If an ex-spouse has been ordered by a Florida court to pay alimony, but refuses to do so, there are some remedies available. These fall under section 61.14 of Florida statutes, in particular, under subsection (5)(a).

Alimony is calculated by the court based on an obligor's present ability to pay. This means that the amount will be based on a party's income at that exact time, not what it was the prior month, or what it may be a month ahead. An order is then entered, and the obligor becomes immediately responsible for making those monthly payments to his or her spouse. If the obligor's ongoing income should decrease, he or she may apply to the court for a modification of the alimony order. However, until an order reducing the amount of alimony due is signed by a judge, the original order remains in force. A verbal notice of inability to pay is insufficient. Any change in payment amounts require a new court order to become legally enforceable.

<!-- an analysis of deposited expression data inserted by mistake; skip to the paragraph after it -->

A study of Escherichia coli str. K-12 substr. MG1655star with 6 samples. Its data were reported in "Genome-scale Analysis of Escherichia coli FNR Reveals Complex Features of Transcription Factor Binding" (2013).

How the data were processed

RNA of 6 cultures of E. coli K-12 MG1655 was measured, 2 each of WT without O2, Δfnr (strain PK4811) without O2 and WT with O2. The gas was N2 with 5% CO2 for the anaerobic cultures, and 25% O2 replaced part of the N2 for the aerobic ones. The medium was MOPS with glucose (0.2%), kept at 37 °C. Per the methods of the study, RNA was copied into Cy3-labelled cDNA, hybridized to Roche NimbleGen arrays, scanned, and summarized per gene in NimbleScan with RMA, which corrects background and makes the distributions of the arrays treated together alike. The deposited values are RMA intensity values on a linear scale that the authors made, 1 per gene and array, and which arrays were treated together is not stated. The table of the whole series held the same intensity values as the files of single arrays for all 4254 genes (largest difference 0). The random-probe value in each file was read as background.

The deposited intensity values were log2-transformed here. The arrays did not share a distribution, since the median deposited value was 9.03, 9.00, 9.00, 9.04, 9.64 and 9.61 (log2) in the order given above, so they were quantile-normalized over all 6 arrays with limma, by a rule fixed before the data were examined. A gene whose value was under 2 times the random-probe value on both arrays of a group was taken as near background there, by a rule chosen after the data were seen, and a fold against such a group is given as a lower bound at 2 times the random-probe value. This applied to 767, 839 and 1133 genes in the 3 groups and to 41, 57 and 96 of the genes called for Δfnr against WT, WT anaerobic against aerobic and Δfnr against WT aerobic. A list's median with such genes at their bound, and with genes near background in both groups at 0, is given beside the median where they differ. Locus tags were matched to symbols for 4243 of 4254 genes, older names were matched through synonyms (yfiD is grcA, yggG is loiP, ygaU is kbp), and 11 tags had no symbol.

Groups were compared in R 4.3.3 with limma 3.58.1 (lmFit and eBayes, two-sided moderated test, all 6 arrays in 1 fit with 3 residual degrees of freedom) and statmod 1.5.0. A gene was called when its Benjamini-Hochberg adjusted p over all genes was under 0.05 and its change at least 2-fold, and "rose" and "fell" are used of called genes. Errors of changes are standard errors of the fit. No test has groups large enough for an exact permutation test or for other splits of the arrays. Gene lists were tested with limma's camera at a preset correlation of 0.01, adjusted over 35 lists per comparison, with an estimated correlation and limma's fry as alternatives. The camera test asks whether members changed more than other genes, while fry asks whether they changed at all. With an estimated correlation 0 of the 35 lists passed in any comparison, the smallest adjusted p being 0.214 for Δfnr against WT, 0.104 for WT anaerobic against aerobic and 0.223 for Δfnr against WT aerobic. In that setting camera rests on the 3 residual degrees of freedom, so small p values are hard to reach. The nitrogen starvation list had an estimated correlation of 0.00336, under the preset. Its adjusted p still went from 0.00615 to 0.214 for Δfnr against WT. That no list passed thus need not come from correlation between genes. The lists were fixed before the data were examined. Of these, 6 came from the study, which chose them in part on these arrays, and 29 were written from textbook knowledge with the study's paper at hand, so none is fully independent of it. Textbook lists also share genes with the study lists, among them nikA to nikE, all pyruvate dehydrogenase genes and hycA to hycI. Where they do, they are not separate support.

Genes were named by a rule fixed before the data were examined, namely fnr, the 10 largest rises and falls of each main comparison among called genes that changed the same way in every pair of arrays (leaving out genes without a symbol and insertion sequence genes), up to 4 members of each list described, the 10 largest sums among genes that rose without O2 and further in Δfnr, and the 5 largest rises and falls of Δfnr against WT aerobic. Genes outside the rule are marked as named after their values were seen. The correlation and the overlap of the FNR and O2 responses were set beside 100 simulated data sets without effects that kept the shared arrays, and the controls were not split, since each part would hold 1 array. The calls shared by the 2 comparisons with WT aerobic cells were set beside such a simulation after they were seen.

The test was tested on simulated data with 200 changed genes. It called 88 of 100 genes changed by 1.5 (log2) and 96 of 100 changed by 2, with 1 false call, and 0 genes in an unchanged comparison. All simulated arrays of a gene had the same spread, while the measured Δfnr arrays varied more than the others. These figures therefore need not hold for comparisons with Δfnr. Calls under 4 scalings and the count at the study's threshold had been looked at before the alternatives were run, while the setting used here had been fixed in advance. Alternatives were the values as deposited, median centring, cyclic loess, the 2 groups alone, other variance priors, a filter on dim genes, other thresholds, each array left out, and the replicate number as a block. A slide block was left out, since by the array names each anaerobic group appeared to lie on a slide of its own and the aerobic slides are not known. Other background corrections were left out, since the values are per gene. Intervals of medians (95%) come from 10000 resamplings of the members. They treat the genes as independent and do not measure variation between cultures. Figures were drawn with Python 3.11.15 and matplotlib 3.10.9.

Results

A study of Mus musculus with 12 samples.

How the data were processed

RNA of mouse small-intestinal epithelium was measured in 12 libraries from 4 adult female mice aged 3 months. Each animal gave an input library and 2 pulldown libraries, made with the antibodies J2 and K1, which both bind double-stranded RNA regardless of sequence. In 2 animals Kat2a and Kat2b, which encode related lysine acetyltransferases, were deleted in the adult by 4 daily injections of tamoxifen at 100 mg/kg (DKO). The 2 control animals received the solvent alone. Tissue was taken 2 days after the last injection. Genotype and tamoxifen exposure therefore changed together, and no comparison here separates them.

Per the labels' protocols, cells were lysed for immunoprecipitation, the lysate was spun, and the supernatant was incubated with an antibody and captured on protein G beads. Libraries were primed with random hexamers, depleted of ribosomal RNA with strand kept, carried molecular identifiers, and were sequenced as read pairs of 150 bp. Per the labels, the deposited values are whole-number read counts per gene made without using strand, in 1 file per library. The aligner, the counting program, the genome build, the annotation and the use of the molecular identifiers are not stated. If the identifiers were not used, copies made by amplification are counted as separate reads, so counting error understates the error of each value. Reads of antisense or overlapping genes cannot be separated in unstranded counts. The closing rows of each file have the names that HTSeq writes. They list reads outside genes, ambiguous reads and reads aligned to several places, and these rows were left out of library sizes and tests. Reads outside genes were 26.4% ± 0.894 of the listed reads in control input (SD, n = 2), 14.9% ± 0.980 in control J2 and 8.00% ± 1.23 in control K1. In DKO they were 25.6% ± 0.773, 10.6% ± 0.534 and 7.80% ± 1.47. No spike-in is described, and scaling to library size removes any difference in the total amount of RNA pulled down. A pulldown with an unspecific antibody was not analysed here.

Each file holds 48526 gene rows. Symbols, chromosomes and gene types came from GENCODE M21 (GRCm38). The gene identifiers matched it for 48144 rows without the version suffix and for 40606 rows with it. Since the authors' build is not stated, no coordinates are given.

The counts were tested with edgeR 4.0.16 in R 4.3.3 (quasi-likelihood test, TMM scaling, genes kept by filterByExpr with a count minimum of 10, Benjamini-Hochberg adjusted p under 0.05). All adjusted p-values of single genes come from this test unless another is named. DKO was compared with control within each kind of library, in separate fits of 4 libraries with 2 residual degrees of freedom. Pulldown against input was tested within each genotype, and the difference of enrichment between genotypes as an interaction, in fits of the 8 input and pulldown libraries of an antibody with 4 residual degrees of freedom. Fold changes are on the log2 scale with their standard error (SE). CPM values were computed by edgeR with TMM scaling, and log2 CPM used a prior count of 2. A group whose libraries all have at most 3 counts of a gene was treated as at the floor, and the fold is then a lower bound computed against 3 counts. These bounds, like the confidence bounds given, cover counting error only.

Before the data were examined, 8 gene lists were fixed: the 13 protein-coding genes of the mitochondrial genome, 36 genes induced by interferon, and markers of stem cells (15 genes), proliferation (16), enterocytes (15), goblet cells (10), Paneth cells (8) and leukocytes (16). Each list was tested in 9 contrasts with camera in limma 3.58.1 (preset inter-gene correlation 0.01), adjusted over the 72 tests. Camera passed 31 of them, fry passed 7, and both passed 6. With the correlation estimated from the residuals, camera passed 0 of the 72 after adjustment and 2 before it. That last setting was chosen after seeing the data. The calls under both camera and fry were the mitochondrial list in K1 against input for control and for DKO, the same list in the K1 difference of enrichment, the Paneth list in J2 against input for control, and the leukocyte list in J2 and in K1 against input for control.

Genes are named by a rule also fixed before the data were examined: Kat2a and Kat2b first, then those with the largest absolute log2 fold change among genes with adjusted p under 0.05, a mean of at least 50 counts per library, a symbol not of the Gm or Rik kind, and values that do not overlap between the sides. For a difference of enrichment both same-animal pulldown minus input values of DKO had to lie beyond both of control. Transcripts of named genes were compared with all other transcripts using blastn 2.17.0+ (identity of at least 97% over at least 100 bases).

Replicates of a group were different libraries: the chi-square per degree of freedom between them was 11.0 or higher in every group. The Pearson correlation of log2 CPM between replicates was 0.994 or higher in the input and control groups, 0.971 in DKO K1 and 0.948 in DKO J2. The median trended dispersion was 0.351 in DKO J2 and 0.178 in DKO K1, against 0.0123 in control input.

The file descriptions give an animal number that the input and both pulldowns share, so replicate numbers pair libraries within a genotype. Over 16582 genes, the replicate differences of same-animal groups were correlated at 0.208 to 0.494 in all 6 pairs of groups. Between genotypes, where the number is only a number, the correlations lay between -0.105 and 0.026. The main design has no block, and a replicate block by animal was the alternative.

Regardless of circumstance, if a party refuses to pay alimony as ordered, an obligee may file a Motion for Contempt. This will force the court to bring the obligor before the judge for a contempt hearing. It is there that an obligor will be required to show proof of why the alimony cannot be paid. The court will take all current circumstances into consideration, as well as alimony payment history, and issue a decision either granting or denying the contempt.

If granted, an obligor will likely have a set number of days in which to bring alimony payments current or face possible jail time. If denied, the court may agree with the obligee as to inability to pay and agree to decrease or discontinue alimony payments.

A divorce attorney can assist in obtaining the necessary orders for enforcement of payments ordered by a court.